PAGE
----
In a couple of weeks, on Tuesday, July 26, I’ll be having a little bit of outpatient surgery, a procedure that is officially known as an “Orchiectomy”, but is probably more clearly understood by its colloquial name, castration.
I’m really excited/nervous and have been having a conversation on Facebook about what would be the proper celebratory rituals to commemorate the occasion. The discussion has ranged from serious and heartfelt thoughts on the writing of liturgy, to the very not serious, but maybe just as heartfelt, throwing of a “Ball Voyage” party at which no nuts will be served.
As good as the conversation has been, my Spidey senses are tingling about the possibility of a trap coming up.
The trap is to think of this procedure as something that will make me more authentically a woman, that I will emerge from the surgery like a butterfly that has finally finished its metamorphosis.
I will be no more authentically a woman on Wednesday the 27th than I was on Monday the 25th, or really, than I was on March 17, 1965. Sophie Labelle, who writes the “Assigned Male” comic put it like this a while back, “I am not a girl trapped in boy’s body, I’m a girl, girls have all kinds of bodies, this is a girl’s body.” (Girl is one of those words that look wrong when you’ve typed it a bunch of times)
There are two dangers to this trap that made me want to bring it up. The first is a danger to myself. If I think of this surgery as The Thing That Will Finally Make Me A Woman, then I’m setting myself up for pain and disappointment. It’s important for me to remember that I am not “becoming” a woman, I am and I always have been a woman, it’s just a matter of learning that truth and living into it.
There are two reasons for this surgery. One is about drugs and hormones. For the last several months I’ve been taking a drug that does chemically what this surgery will do mechanically. That drug is ridiculously expensive, my insurance has been paying all but $150 dollars of the $1,000+ the drug costs each month, which means it’s not a long term solution. The advantage of either the drug or the surgery is that it lowers the dosage of estrogen that I’m required to take, which is safer and healthier for me. (high dose estrogen increases the chance of strokes, blood clots, and cardiac problems)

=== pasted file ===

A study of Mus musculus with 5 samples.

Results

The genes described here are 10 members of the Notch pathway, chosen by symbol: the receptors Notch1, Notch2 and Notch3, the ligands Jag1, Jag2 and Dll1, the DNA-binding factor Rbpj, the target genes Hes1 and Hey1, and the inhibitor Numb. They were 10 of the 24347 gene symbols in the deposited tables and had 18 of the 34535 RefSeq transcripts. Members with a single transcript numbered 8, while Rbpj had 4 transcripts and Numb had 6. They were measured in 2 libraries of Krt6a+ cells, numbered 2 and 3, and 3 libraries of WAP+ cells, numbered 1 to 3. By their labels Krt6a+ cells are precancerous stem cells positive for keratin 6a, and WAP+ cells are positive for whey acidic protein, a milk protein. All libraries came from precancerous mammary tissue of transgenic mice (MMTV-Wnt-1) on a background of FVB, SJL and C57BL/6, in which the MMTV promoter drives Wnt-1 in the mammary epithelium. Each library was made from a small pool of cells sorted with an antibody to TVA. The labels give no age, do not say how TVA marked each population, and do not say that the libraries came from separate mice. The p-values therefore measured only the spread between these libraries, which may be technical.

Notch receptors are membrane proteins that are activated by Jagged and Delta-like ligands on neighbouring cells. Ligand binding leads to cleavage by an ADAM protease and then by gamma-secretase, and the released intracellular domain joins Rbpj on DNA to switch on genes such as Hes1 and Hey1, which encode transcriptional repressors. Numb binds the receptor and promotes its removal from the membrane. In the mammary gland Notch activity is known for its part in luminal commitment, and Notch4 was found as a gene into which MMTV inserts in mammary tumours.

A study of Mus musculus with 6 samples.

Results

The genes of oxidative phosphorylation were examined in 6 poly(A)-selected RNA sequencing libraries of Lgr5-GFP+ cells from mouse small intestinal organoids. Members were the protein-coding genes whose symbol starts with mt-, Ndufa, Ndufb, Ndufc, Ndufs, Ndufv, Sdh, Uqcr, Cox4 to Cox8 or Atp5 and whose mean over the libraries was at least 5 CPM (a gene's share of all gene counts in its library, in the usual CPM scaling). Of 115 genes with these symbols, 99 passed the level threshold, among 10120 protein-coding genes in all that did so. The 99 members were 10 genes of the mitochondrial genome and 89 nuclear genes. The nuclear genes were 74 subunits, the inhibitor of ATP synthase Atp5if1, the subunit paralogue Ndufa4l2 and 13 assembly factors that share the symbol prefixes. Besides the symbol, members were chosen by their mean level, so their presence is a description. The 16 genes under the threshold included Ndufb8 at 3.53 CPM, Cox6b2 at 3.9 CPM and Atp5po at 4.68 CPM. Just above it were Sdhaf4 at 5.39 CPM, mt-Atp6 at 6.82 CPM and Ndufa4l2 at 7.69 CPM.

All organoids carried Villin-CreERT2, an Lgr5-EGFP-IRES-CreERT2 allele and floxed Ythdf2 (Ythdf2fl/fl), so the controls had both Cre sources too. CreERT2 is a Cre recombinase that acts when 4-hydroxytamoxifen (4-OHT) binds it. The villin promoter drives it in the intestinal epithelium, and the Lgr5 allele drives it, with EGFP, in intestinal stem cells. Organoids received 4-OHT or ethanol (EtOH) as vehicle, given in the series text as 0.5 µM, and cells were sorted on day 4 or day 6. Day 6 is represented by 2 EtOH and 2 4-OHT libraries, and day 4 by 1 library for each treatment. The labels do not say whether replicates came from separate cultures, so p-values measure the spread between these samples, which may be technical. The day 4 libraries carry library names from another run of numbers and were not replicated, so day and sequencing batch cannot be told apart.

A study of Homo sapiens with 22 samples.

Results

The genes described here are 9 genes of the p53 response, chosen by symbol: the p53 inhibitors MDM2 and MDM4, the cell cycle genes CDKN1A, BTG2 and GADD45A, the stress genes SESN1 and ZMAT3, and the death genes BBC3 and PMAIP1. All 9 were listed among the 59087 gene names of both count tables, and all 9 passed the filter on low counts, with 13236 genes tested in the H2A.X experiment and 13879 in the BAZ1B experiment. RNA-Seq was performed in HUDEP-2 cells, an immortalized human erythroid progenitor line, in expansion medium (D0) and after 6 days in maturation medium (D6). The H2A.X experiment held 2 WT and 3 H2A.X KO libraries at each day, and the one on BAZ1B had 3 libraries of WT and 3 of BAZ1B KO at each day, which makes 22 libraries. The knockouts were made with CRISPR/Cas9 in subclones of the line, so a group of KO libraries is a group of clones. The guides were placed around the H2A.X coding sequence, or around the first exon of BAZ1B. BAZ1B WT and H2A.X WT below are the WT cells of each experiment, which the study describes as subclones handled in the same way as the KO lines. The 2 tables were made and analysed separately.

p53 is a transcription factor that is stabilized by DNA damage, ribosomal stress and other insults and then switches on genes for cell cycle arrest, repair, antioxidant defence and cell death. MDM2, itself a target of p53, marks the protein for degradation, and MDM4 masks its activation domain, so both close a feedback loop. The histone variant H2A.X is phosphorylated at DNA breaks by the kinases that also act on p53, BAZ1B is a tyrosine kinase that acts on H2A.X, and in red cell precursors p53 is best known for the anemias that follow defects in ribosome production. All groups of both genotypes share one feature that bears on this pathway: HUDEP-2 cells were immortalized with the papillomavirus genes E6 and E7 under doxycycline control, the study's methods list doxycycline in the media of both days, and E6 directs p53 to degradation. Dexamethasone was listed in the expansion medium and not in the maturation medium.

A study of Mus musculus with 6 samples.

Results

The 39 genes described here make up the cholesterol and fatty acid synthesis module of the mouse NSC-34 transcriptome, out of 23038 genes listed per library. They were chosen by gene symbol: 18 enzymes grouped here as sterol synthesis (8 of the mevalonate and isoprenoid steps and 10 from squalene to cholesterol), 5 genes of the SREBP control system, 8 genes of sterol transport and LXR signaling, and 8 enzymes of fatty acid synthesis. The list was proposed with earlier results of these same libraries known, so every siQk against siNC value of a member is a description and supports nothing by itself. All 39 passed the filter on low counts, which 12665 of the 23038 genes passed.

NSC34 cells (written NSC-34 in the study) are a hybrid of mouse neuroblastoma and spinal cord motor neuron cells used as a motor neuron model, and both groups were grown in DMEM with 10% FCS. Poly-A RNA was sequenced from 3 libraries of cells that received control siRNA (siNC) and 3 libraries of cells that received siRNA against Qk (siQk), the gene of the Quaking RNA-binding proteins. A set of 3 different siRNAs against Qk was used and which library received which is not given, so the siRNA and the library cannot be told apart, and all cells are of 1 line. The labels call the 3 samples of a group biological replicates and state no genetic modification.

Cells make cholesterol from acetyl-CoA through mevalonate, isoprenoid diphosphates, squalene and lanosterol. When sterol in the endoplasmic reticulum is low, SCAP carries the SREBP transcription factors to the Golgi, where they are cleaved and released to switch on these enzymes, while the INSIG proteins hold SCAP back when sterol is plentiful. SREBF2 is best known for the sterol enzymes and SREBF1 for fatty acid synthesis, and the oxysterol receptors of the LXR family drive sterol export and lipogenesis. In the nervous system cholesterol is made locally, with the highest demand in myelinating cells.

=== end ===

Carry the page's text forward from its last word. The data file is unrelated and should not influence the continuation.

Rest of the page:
The second reason for the surgery is legal, once I’ve had what is quaintly referred to in legalese as “irreversible genital surgery” I’ll be able to get my birth state to issue a new birth certificate, and with that I’ll be able to get rid of that pesky “M” on my driver’s license. I’ll also be able get a passport with an “F” on it. Squee.
The second danger of the trap is larger than just me. I want to say very clearly and carefully that, just because I am choosing to have surgery, that doesn’t mean that surgery is normative or even desirable for other trans people. Many trans people will never have, nor even ever want to have, any kind of surgery. And that’s fine. They are not any less authentically trans than someone who has all the surgeries. Their experiences and lives are not lesser because they are on a different path. Their experiences are just as real, just as valid and just as important as anyone else’s.
When Caitlyn Jenner came out, I worried that the general public would take her experience and her ability to have fabulous clothes, hair, and makeup to be the way trans people “should” be.
Passing is not the way trans people “should” be. Surgery is not the way trans people “should” be. Femme is not the way trans women “should” be. Butch is not the way trans men “should” be.
The only thing they “should” be is themselves. In exactly, perfectly, and only the way they want to be.
Update August 1: The surgery hasn't happened yet. The insurance company is still making up their minds about whether they will pay for it or not. Currently looking at August 9, but don't know for sure.